World Trade Organization trade talks stalled as developing countries, led by China and India, called for wider protection of their fragile domestic agricultural sectors.

GENEVA (Kyodo) -- About 30 key trading powers held a ministerial meeting Tuesday to try to break the impasse in the free trade talks under the World Trade Organization as the risk of collapse in the negotiations has reemerged with the United States and two major fast-growing economies locking horns over agricultural safeguard issues.

The trade talks in Geneva have been stalled as developing countries, led by China and India, called for wider protection of their domestic fragile agricultural sectors under a so-called special safeguard mechanism, while developed countries like the United States opposed the move.

The special safeguard mechanism would allow developing countries to increase tariffs on agricultural produce in the event of an import surge to fend off cheap farm imports from rich countries backed by farm subsidies.

During the meeting, ministers were briefed about the discussions on the agricultural safeguard in a separate gathering held earlier by seven major trading powers through early Tuesday in a bid to ensure transparency in the negotiation process, delegates said.

Optimism previously prevailed among negotiators in the Swiss city that WTO member economies would clinch an outline accord on the Doha Round trade talks as key member economies were poised to accept a set of compromise proposals presented last week by the global trade referee in slashing tariffs and subsidies.

The Geneva-based body had hoped to release the final texts for negotiations on agricultural and industrial products -- the main sticking points in the Doha Round talks -- by the end of Monday.

But a rift between the United States and the two emerging economies over agricultural safeguards clouded the prospects of the Doha Round talks as the ministerial talks of about 30 economies entered the second week in Geneva.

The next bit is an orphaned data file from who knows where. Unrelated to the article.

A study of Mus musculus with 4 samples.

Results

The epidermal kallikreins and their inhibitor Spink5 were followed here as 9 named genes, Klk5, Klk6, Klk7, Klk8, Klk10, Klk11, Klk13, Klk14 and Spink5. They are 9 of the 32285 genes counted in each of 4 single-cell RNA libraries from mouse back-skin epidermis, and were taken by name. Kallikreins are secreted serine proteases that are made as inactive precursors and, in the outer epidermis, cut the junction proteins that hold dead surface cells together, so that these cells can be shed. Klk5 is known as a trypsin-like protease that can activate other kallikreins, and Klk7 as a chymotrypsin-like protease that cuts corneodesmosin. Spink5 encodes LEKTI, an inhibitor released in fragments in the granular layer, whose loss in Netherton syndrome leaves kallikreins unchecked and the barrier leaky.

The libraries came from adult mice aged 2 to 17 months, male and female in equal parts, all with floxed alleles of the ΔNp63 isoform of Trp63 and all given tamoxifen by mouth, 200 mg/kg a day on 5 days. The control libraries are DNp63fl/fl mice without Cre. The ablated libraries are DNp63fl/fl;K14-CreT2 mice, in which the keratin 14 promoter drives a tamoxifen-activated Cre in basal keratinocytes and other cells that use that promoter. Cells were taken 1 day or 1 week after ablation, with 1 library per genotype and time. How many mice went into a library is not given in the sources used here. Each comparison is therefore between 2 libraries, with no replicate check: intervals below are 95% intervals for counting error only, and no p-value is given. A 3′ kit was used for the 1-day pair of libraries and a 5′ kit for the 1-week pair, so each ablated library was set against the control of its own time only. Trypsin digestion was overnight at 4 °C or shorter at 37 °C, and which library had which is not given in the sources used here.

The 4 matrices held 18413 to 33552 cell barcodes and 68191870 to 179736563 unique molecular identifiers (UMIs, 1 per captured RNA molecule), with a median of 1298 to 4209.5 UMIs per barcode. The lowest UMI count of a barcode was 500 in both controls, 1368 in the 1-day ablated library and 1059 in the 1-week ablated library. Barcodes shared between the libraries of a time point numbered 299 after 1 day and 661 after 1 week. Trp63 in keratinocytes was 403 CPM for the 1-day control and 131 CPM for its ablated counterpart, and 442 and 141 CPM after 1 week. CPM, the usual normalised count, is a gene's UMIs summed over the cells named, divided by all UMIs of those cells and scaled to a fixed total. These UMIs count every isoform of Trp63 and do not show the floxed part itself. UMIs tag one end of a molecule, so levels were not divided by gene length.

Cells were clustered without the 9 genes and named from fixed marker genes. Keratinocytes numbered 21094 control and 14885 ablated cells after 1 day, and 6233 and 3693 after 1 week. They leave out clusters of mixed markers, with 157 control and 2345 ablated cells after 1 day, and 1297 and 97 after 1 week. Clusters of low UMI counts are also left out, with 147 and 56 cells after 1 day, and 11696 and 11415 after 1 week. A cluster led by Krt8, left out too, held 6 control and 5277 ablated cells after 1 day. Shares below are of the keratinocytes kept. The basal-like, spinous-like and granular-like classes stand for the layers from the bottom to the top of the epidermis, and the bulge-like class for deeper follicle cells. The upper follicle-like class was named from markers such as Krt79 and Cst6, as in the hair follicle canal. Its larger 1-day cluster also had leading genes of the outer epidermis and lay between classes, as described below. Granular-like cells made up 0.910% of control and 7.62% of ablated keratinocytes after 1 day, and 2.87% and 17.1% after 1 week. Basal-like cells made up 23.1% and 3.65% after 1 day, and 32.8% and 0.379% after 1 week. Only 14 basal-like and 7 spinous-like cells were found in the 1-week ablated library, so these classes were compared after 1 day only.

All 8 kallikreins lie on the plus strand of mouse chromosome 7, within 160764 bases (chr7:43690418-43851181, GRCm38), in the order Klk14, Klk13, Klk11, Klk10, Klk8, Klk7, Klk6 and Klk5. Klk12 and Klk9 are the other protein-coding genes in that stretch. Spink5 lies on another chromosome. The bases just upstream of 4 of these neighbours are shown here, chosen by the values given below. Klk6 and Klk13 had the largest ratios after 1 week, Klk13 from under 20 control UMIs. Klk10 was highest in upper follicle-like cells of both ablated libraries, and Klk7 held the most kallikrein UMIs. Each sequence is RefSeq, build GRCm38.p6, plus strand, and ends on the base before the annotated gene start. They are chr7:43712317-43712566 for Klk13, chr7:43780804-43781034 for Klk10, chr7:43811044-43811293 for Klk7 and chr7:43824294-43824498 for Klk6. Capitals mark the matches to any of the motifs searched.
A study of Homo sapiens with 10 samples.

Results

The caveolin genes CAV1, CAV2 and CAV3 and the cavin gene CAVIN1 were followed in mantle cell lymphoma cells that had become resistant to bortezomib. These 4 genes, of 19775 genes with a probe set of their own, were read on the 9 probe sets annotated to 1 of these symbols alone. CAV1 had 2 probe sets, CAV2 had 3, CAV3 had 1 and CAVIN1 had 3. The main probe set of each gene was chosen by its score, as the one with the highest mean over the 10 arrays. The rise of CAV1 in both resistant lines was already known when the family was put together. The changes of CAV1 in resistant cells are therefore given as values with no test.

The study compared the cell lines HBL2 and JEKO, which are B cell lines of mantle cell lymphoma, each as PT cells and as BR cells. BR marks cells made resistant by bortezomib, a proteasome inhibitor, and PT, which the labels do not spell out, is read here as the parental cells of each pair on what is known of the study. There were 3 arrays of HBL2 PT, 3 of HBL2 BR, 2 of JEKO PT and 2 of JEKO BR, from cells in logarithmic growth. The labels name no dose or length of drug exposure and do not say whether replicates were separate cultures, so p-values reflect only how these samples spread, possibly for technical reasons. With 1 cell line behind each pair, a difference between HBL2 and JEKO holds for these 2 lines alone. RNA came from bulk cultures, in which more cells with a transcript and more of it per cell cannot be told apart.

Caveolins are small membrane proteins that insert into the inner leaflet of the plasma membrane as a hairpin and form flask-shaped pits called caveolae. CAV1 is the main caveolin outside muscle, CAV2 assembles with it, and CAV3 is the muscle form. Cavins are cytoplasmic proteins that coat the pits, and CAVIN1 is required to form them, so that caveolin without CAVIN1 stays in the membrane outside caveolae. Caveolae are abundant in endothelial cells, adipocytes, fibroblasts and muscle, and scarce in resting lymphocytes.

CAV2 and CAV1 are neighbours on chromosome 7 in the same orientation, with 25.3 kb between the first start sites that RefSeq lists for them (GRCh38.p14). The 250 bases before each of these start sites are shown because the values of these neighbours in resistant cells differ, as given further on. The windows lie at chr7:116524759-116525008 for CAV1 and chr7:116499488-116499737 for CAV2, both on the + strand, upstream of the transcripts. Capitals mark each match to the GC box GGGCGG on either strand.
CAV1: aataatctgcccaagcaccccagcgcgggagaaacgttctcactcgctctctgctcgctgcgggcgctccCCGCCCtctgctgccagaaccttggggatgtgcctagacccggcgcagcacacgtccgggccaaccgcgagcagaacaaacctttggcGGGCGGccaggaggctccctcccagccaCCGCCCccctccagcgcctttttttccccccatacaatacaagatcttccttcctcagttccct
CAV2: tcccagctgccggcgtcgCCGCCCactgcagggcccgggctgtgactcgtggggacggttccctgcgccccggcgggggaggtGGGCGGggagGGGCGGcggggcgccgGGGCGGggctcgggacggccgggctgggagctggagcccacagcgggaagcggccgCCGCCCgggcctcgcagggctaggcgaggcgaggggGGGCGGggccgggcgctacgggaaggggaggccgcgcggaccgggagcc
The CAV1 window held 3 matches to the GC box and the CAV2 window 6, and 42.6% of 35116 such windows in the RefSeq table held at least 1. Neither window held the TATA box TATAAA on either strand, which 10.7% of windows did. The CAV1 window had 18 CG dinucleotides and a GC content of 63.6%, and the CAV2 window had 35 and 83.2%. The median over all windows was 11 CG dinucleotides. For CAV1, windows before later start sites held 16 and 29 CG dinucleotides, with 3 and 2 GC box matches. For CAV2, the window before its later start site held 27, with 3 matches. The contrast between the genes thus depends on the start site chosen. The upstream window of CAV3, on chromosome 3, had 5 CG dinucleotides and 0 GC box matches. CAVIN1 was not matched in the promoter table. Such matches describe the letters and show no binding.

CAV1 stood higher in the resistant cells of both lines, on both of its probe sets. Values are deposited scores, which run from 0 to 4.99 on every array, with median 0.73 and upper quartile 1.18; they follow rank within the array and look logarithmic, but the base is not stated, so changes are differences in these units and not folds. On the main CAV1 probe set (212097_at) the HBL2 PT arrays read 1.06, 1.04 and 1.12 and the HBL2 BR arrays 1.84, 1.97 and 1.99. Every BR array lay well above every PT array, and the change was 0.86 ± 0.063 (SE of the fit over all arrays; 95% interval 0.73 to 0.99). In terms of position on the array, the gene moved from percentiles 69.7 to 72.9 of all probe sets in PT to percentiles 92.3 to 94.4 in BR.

The seven major trading parties -- Australia, Brazil, China, the European Union, India, Japan and the United States -- held talks intermittently for more than a half day through early Tuesday to narrow gaps over the issue, but there was no apparent breakthrough.

In addition to the farm safeguard, differences remain between developed and developing countries over other outstanding agenda items, including cotton subsidies and proposals to cut duties in some industrial sectors, delegates said, adding that neither the seven trading parties nor the some 30 economies have addressed these issues as they are tied up with the agricultural safeguards issue.

Describing the situation at the ongoing talks as "very tense," Keith Rockwell, the WTO's chief spokesman, told reporters after midnight Monday, "The outcome is by no means certain."

The Doha Round talks, launched in the Qatari capital in November 2001, have long been stalled due mainly to a rift between rich and poorer countries on the core issues of farm and industrial sectors.

If the 153-member WTO seals an outline accord on so-called modalities -- key figures for cuts in tariffs on agricultural and industrial goods as well as farm subsidies -- during the ongoing Geneva talks, it will give impetus toward a successful conclusion of the Doha Round by the end of this year.

The key ministerial meeting of more than 30 top negotiators was originally set to run for six days through last Saturday.

Before the emergence of the tensions, the delegates were saying they expected to formalize the envisioned deal on the modalities as early as Wednesday.